So much has already been written about the Williams sisters over the past decade that it’s difficult to add anything useful to the discourse surrounding their importance to the game of tennis. As individuals, each stands out for their own accomplishments. Serena Williams is already one of the top four best women ever to have wielded a racquet. By the time she retires, she may well be the undisputed best. Elder sister Venus has nurtured her to this point. Throughout their parallel careers, Venus has served the dual roles of trailblazer for and biggest supporter of her younger sister, all the while carving out her own legacy amongst a rich tapestry of tennis legends.
Serena was first to burst through the Grand Slam gate with her win against Martina Hingis at the 1999 U.S. Open, but it was Venus who led the Williams’ charge to #1 by the early 2000s. At the start of 2002, the WTA was squarely Venus’ domain. Fresh off back-to-back Wimbledon and U.S. Open titles, Venus seemed poised to dominate for years to come. However, Serena upset that narrative by winning Grand Slams two through five as part of her now famous “Serena Slam.” Those who felt sorry for Serena while Venus shone brightly now bled for big sis. Either way, both had arrived.
Their rivalry is punctuated by so many unique considerations. They are sisters, competing against and with each other, winning more often than not. The thing about the “Serena Slam” that is often overlooked is that Serena played Venus in each of those finals. For me, that is one of the most amazing parts of their story. The tennis world was gifted these two supremely talented sisters who ruled the sport at the same time, but that which happens in our backyards, happened for them on the grandest world stages. Their grace in navigating that sibling dynamic at such young ages will always mesmerise me. Can you imagine having the joy of reaching #1 in the world being tempered by having unseated your sister in the process? These are the types of things that Venus and Serena dealt with that we will never understand. Theirs is a unique dynamic.
Tennis players have rabid fan bases; Venus and Serena are no stranger to this phenomenon. Perhaps, because of their distinct celebrity and achievements, they have even larger and broader followings than most. The flip-side of this is that they have detractors who foster a keen dislike of the two. Some dismiss them as “haters.” Others view it as a tale-as-old-as-time misogyny that undercuts successful, strong women. Some of it is understandable, a push back against larger-than-life personalities which exist outside our realm of understanding. However, the resistance is also racial. Because racism is often ambiguous and not easily identifiable, some make the mistake of dismissing it from the discourse surrounding the two.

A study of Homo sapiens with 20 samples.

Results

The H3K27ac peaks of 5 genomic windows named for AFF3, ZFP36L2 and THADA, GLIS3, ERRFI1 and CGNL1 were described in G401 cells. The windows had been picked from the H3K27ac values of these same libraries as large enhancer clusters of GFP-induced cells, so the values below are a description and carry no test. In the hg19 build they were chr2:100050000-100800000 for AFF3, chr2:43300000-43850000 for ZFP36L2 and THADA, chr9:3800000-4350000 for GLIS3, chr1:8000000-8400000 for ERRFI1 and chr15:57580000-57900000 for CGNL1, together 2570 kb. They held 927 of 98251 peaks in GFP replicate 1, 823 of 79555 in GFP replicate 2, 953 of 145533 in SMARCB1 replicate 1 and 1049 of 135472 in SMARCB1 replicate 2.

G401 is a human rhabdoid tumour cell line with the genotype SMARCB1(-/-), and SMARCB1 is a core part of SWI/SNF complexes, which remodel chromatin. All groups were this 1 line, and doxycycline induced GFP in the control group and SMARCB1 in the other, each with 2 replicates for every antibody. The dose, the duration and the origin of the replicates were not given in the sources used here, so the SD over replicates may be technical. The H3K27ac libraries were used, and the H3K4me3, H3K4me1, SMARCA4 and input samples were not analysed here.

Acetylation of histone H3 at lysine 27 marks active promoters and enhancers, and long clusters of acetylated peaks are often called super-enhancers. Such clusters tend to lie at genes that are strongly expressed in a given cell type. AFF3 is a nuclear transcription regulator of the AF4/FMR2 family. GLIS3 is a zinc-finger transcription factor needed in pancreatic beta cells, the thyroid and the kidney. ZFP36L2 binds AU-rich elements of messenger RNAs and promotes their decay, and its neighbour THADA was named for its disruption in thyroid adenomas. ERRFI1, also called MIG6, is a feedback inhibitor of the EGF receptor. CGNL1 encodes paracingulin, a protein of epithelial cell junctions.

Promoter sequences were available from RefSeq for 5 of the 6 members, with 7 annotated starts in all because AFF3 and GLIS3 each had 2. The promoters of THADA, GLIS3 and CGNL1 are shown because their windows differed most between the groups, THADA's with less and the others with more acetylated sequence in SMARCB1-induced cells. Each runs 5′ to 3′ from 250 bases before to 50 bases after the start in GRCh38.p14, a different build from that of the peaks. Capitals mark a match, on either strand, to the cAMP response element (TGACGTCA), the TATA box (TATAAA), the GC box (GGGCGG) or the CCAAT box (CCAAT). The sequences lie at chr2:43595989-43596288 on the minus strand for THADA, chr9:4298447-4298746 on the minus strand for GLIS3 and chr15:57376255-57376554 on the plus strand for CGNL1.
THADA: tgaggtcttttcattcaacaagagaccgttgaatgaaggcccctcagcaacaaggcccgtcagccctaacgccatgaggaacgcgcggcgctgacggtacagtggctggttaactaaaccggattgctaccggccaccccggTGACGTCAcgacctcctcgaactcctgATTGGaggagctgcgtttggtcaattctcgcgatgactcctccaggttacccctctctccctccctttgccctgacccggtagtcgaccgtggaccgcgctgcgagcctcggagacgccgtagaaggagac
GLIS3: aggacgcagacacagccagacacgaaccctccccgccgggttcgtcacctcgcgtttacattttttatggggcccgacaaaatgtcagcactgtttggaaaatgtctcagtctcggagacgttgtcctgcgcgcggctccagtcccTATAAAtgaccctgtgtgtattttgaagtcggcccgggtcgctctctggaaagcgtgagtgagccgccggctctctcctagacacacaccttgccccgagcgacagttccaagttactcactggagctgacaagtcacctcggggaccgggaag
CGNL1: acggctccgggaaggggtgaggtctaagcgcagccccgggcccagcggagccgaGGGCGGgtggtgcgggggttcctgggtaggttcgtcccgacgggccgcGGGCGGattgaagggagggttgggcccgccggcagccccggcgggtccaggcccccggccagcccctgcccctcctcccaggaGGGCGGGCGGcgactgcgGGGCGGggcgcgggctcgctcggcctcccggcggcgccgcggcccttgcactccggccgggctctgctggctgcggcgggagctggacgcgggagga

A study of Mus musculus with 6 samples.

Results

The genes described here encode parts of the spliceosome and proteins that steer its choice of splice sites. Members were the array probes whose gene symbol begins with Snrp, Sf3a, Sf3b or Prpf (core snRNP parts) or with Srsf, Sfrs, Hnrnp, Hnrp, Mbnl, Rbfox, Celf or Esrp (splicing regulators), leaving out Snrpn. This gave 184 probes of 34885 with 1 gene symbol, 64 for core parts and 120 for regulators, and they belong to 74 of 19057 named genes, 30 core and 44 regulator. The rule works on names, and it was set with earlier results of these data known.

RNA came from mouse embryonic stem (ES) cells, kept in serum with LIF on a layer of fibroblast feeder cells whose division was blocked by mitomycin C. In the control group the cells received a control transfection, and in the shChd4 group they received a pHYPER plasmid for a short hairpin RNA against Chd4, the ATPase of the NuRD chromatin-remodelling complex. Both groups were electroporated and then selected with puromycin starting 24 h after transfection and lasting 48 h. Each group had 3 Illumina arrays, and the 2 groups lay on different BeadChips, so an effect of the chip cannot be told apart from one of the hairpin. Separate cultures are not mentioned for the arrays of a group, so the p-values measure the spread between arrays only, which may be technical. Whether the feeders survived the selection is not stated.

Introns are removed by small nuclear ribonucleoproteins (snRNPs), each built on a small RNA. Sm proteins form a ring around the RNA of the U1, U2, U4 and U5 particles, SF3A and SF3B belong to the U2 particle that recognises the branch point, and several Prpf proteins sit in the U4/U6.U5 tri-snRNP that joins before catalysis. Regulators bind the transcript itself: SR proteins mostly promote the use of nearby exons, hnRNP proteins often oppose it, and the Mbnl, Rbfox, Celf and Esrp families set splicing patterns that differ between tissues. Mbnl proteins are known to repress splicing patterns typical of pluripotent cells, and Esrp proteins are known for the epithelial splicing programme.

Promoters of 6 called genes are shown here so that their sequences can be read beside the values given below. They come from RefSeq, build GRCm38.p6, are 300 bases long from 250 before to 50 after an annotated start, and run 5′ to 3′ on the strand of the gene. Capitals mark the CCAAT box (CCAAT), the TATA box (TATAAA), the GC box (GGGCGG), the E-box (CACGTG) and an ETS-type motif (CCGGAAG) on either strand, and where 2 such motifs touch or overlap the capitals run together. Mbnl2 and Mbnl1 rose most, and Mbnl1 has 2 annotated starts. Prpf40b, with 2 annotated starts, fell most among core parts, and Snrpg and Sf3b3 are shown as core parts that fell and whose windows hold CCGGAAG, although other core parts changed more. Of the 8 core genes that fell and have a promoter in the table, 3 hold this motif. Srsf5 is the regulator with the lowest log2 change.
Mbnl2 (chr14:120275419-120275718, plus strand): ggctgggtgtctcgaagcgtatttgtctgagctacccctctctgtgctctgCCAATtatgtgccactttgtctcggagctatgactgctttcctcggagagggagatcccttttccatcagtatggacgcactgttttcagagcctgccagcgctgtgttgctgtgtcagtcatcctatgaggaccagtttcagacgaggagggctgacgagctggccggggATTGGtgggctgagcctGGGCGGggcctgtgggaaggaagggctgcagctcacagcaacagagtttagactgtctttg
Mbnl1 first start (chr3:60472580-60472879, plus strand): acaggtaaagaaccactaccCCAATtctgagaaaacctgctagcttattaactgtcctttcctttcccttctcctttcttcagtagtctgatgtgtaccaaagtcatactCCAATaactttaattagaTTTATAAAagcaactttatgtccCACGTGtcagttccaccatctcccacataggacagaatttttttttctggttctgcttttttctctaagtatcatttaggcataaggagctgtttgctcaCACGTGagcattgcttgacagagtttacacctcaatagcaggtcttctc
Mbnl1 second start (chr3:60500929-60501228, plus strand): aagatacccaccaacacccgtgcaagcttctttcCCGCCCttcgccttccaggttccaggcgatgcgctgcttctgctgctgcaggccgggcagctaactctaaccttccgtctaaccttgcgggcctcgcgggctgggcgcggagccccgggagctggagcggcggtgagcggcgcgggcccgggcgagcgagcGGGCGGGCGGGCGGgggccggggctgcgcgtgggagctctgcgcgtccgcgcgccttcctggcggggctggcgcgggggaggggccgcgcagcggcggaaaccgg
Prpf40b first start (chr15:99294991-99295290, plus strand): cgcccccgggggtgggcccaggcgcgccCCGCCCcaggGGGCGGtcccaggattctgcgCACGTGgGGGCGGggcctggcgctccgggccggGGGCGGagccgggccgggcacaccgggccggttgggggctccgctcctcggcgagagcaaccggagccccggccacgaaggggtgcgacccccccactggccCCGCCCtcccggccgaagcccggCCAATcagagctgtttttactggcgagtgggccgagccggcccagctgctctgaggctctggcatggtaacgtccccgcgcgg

The ugliness of Indian Wells in 2001 is at the forefront of this discourse. There was also the Irina Spirlea bump at the 1997 U.S. Open, where the Romanian intentionally bumped Venus on a changeover, and later declared “she thinks she’s the fucking Venus Williams.” But, as is the case with most incidents of racism, they are difficult to pinpoint. We know Venus and Serena have dealt with this throughout their careers, but we have no way of knowing the full extent of it. To their immense credit, they have handled most of the obstacles that could have derailed their success with remarkable aplomb.
Tennis statistics will never hail the Williams rivalry as one of the all-time greats. Yet, their careers are prime examples of how numbers often obscure context in favour of wins and losses. How much weight should we attribute to the “unique considerations” that have shadowed them throughout their time on the WTA Tour? It’s not something that can be fully assessed. Instead, we should marvel at all that they have been able to achieve collectively: as rival singles players, as a doubles tandem, as a sibling rivalry, as friends, and as world class athletes. With the best of their rivalry almost certainly behind them, it’s time to heap as much praise on them in appreciation of careers that we will never see the likes of again.
This is the first of a series that will focus on some of the best tennis rivalries.